Michael Hayden, a former general and CIA director, says the United States now has "moral responsibility" for the future of Libya because our actions in helping overthrow Moammar Gadhafi continue to cause bloodshed and unrest, such as the attack on the U.S. embassy and the murder of Ambassador J. Christopher Stevens.

Few Americans who experienced the terrorist attacks on U.S. soil on September 11, 2001 expected that the “war on terror” would still be ongoing 11 years later. As for the cost in lives, the Washington Post reported that “as of Tuesday, Sept. 11, 2012, at least 1,980 members of the U.S. military had died in Afghanistan … according to an Associated Press count.”

Asked if he would send U.S. ground troops into Iran to force Tehran to abandon its nuclear program, Mitt Romney didn't say yes and he didn't say no. 

"What's your red line?" asked host David Gregory on Sunday's Meet the Press. "You put troops on the ground to stop Iran from going nuclear or can you live with a nuclear Iran and contain it?"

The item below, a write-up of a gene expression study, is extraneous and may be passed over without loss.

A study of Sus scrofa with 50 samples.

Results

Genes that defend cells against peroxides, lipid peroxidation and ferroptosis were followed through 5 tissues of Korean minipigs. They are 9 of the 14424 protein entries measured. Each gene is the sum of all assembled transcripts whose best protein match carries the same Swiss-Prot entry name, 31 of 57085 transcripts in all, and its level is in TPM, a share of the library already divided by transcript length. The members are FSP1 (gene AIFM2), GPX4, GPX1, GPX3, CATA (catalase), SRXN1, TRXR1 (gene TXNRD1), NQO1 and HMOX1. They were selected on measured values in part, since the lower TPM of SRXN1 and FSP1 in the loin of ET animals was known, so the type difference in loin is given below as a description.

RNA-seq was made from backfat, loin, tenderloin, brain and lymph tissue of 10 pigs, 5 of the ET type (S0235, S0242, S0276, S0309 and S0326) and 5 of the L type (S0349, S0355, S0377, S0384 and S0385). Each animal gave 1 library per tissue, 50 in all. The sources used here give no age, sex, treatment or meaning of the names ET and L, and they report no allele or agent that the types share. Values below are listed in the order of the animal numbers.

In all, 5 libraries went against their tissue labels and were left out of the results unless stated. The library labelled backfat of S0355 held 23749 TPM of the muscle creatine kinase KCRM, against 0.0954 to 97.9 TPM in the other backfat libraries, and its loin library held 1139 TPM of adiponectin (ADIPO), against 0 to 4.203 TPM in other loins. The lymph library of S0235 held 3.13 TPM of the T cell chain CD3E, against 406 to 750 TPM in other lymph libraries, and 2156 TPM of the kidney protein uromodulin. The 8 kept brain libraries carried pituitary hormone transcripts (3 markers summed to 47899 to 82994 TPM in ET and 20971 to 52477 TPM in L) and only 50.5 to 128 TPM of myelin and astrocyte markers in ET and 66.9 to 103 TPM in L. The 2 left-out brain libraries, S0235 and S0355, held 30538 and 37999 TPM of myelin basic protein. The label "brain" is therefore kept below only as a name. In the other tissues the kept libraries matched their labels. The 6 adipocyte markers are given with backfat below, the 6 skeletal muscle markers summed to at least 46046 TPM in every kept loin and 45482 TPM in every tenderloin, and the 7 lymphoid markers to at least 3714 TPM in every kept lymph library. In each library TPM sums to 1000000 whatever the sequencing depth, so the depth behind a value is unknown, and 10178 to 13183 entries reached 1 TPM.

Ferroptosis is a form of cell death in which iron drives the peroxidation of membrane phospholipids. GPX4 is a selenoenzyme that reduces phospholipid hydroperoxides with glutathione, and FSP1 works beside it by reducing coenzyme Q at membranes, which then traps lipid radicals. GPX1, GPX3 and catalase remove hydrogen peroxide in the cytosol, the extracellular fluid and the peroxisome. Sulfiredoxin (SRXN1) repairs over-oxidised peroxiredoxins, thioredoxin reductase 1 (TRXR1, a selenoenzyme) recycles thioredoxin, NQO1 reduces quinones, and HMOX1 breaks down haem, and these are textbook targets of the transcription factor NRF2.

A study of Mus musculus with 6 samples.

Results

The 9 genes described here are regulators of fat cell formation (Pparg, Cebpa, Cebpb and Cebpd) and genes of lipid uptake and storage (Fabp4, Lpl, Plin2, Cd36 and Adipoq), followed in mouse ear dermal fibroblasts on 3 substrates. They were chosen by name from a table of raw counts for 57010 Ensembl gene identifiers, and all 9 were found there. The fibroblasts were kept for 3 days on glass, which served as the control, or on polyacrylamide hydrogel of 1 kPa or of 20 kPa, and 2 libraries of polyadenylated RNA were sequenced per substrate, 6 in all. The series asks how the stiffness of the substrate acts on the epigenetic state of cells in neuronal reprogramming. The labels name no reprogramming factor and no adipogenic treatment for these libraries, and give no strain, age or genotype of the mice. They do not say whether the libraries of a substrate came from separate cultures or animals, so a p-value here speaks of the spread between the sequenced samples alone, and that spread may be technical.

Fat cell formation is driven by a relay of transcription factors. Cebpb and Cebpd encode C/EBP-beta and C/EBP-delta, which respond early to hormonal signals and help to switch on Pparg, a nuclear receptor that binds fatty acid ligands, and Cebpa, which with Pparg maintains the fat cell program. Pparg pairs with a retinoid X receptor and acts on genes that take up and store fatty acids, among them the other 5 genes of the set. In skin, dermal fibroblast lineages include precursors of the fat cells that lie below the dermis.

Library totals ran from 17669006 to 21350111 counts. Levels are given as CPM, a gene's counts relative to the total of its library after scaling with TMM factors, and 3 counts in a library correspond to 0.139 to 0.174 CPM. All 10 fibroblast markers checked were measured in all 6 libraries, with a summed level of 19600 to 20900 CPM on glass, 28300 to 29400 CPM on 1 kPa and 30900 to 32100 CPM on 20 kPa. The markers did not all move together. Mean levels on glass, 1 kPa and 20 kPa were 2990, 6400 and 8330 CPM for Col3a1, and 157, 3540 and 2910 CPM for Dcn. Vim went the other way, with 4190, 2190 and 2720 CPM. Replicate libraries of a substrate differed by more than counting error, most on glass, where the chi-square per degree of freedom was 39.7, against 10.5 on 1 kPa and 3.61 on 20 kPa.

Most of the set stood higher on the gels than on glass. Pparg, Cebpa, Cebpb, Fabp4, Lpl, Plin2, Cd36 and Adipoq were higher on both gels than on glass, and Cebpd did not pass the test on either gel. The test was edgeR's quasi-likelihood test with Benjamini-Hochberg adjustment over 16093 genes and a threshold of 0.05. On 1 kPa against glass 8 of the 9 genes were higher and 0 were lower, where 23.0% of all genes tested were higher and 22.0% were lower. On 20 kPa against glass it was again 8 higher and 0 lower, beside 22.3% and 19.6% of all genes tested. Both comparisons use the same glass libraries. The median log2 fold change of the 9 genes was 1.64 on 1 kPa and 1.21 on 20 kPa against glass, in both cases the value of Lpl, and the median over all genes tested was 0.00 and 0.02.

"I don't think we live with a nuclear Iran," Romney said. "I think we make it very clear that a nuclear Iran is unacceptable to the United States of America, to civilized nations throughout the world. And that we will maintain every option that's available to us to keep that from happening."

 

 

Critics from across the political spectrum are outraged after the Obama administration announced that it was unconstitutionally sending 200 U.S. Marines to Guatemala under the guise of fighting the drug war. According to officials, the American troops were deployed as part of “Operation Martillo,” a multi-national squad of soldiers and law-enforcement personnel supposedly aimed at countering narcotics trafficking throughout Central America.

The new President of Guatemala, Otto Pérez Molina — a widely respected tough-on-crime former military general who opposed communism — had said earlier this year that legalizing drugs would be a better approach. However, the Obama administration swiftly deployed high-level functionaries to coerce the leader into backing down. Apparently the mission was a success.

On September 4 officials of the Yemeni government sent local tribal authorities to look into reports that civilians were among the casualties of a drone attack believed to have been carried out by the United States on September 2. Yemenis protested in response to the 13 civilians, including three women and one child, killed in the Hellfire missile strike. Adding to the outrage was the Yemeni government’s statement that the intended target, Abdelrauf al-Dahab, was “completely missed.”